Indebted to the Phoenicians and infatuated with brightly coloured stones, Christina Debs brings Mediterranean allure to her jewels.

18 December 2014

By Rachael Taylor

The Phoenicians were an adventurous bunch with a wanderlust that led them to trade throughout the Mediterranean, returning home with an enriched world view and a keen interest in adornment; not a bad line to descend from if you happen to be an aspiring jeweller.

The legendary tales of her forebears seized the imagination of Lebanese jeweller Christina Debs, who studied jewellery design in Paris before opening her own boutique in Beirut. This first love affair with history led her to wider studies of our species' obsession with adornment throughout the ages and fostered a deep appreciation of jewellery history's brightest lights. Debs singles out René Lalique, Pierre Sterlé and Carl Fabergé as jewellers nonpareil.

"What inspires me is the rich history of civilisation, and jewellery's ability to give us an understanding of ancient cultures," says Debs. "My studies have provided me with a rich and open mind. I have learned from, and soaked in, my cultural history, which has improved my creativity and has given free rein to my imagination."

As well as the little matter of the alphabet, the Phoenicians were also responsible for the creation of many techniques still used in jewellery today, including granulation, filigree and cloisonné.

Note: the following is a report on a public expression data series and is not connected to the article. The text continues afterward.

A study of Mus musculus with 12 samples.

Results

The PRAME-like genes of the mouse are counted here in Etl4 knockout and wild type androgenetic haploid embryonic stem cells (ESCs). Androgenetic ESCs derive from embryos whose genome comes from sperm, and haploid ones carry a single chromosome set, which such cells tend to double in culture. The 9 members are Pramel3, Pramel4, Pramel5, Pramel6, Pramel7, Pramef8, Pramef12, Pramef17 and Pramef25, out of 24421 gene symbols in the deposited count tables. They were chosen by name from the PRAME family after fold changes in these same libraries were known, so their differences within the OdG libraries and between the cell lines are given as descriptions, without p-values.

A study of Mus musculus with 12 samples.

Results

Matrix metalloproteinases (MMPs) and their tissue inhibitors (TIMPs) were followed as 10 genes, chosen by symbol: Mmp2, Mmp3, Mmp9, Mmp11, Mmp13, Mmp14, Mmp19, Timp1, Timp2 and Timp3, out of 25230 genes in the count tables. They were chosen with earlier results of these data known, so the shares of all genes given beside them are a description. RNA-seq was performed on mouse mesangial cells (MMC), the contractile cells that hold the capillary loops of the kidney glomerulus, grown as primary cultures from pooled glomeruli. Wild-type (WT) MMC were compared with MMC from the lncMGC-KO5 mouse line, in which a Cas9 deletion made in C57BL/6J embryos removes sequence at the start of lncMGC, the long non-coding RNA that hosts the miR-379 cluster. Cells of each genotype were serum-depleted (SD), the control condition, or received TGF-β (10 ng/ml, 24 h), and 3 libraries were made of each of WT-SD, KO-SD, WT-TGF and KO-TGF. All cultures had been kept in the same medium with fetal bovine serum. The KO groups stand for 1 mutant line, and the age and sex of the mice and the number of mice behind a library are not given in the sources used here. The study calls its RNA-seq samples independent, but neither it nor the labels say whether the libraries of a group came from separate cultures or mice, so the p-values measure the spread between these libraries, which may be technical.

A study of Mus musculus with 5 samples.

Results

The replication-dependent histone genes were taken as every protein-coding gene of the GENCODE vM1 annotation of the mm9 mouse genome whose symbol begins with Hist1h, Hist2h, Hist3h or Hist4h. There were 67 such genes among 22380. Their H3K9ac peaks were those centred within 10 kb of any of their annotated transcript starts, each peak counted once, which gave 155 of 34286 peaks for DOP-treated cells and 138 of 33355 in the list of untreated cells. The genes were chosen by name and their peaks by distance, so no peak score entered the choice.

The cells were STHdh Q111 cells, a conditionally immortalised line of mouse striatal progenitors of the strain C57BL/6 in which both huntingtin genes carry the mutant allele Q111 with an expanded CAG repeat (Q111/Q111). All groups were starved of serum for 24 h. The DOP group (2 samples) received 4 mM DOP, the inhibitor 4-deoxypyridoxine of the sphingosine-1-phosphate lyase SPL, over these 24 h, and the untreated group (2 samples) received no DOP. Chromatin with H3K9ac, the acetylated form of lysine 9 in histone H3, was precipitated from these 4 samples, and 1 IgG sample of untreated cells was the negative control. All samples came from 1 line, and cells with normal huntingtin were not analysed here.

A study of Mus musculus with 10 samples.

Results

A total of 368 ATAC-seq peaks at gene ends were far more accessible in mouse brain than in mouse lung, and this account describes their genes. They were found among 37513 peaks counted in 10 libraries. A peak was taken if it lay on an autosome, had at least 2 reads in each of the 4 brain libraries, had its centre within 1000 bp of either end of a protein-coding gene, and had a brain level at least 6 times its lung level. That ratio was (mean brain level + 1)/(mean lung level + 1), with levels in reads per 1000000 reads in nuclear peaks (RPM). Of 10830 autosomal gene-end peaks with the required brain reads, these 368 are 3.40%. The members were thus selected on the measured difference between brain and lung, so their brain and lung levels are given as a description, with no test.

They also had a passion for brightly coloured gemstones - mostly agate, lapis lazuli, carnelian and jasper - and it is an infatuation that similarly drives Debs. Her bold use of colour is especially potent in the Hard Candy collection, which clashes jade with ruby, and celebrates lesser-known kaleidoscopic gems such as mango agate, amazonite and pink jade. 

"I love working with stones because they give so much colour and life to my pieces," says Debs. "We use more than 45 different coloured gemstones, all natural, and we always try to find new stones that we do not usually see in fine jewellery."

The Phoenicians have also left their mark on one of Debs' edgier collections, Skin Tattoo, inspired by the culture's love of body art. The gold and diamond-set rings have been designed to mimic finger tattoos when worn. It is a technique most effective when realised in striking black diamonds, and certainly less painful than the real thing.

While Christina Debs' inspirations are studiously rooted in history, her jewels are contemporary with loud pops of colour and fun detailing -see the Initials collection for your own personalised fine jewels. This is one designer perfectly qualified to bring us the best of the old and the new.